Summary: 2nd in a Lenten series, this sermon deals with betrayal of commitment to Christ!
A mother sits in her darkened room. She is thinking about her child. Her son. She has just learned that her child, someone who had been a follower of Jesus had not only left Jesus, but more than that, people were whispering about her child. They have labeled him. They were making accusations against him. They were using a horrible word: Betrayer!
Her child would now be talked about. He would be called faithless. Her child would be said to have betrayed the one in whom he pledged his trust. He would be the Benedict Arnold of the day. She sat and sobbed uncontrollably. How could it be? How could it be that my son turned away from Jesus? Worse than that, maybe even betrayed him?
She remembered the first time that he spoke of his relationship with Jesus! She remembered the commitment and zeal to which he abandoned his own life to follow the Lord. Then it happened! How could it be? Her son had just betrayed Jesus by his actions. Even if he said he was a follower, his actions showed that not of a follower, but that of a betrayer! How could he have turned his back on Christ! The mother sobbed uncontrollably!
There she sat in darkness, Wanda Bradford, my mother, wondering how her son Scott could be away in the military; have a young woman named Laurel pregnant; that he was not going to church; that his life was immersed in sin. Just how could he have turned his back on Jesus?
And you thought I was talking about Judas? Have you ever noticed that not many parents name their children Judas? 2005 the most popular boys name was Aiden. But what about Benedict or Judas? Can you imagine parents searching through the baby book? "J", how about Judas? Judas Smith or Benedict Jones? What a lovely name, right? Wrong!
To betray someone is to be “unfaithful”, or to break a trust. Few here this morning don’t know that feeling! Maybe someone broke your trust! An unfaithful spouse or friend. A group or special friend in High School that betrayed a trusted secret and told someone else. Even all the other disciples besides Judas would wonder for a split second. Jesus said “One of you is about to betray me”. The others ask, “Is it I? Surely not I?”
We might always wonder about the inflection. Surely not I? Me? Jesus it’s me you are talking about! (Enough said). “The one whom I give the dip to eat” It could be any of us, or hand on the table with Jesus!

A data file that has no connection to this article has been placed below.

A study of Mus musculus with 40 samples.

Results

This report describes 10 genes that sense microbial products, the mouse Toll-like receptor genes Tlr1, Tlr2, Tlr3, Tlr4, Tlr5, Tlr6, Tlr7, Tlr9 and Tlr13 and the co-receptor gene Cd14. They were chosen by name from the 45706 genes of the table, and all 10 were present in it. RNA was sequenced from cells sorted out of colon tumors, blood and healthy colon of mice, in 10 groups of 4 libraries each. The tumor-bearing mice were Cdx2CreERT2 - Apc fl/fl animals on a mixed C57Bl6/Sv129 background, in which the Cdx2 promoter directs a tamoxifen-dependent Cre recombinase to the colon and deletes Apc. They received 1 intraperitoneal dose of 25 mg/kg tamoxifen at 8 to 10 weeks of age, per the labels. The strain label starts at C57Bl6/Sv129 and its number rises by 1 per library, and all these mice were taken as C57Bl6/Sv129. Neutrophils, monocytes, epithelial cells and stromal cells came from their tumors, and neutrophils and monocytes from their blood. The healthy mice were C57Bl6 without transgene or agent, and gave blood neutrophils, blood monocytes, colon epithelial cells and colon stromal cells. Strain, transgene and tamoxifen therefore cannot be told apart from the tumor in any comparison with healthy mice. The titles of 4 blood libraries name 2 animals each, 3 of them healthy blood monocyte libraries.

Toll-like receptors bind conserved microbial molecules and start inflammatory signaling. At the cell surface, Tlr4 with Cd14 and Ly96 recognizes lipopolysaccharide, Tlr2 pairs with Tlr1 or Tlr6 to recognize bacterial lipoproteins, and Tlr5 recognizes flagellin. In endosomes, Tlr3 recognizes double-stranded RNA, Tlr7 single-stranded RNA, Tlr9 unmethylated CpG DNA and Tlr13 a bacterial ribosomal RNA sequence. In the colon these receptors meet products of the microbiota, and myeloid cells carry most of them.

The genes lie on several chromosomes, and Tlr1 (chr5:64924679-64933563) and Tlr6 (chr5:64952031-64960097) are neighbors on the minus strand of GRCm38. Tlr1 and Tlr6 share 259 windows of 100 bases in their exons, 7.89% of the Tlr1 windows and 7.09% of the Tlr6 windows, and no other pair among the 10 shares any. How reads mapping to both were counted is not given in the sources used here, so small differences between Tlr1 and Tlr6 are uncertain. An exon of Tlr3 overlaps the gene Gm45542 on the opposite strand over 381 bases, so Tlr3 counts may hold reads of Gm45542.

David Wilkerson (The Cross and the Switchblade) Says of Judas Iscariot: (1) “He was a handpicked disciple of Jesus Christ: a preacher of the gospel, a healer of the sick, a traveling companion of Jesus. He was so trusted he was made treasurer of the apostolic evangelistic team. He wasn’t elected to the position - Jesus personally chose Judas for the job.” (1 – The Truth About Judas, June 15th, 1992).
Each of us have been chosen, but do we betray Christ by our actions, our anger, our sin? I don’t recommend this show, but I caught a few minutes of an episode of “The Moment of Truth” (Fox). The contestant was asked have you ever stolen from your employer and let someone else take the blame. The answer was “yes”. The contestant then explained he worked at a hot dog shop as a kid and would sell a hotdog for $1 and then often pocket the cash. Day, the boss lined them all up, and said “One of you have been stealing and pocketing $1 bills” and he turned to another employee and named him. And he let the kid take the fall. But he was not just a thief, he was a betrayer, not just of friendship, but of trust!
Are we any better? Do we turn from the light and into the darkness? We let temptations consume us! We let our passions drive us! We put selfishness before sacrifice. And sometimes we sell out, like Judas and don’t even know we have done it. Wilkerson notes that “Satan needed a Judas”. He in fact looks for the weakness. He looks for a Judas, or a Peter, or a Scott, or a Janey! No different, Peter was also a betrayer. He denied he even knew Jesus. He denied him three times. But lets look at the difference between Judas and Peter, and the hope for you and me. Someone once said: “Every saint has a past, every sinner a future!”
Let’s look at John 21:15-19 (1-19). (read). Three times Peter denied Jesus, and three time Jesus now gives Peter the opportunity to pledge his love. Three times forgiven. The difference between Judas and Peter was the turning back to God in Jesus Christ and receiving the forgiveness and love he offers.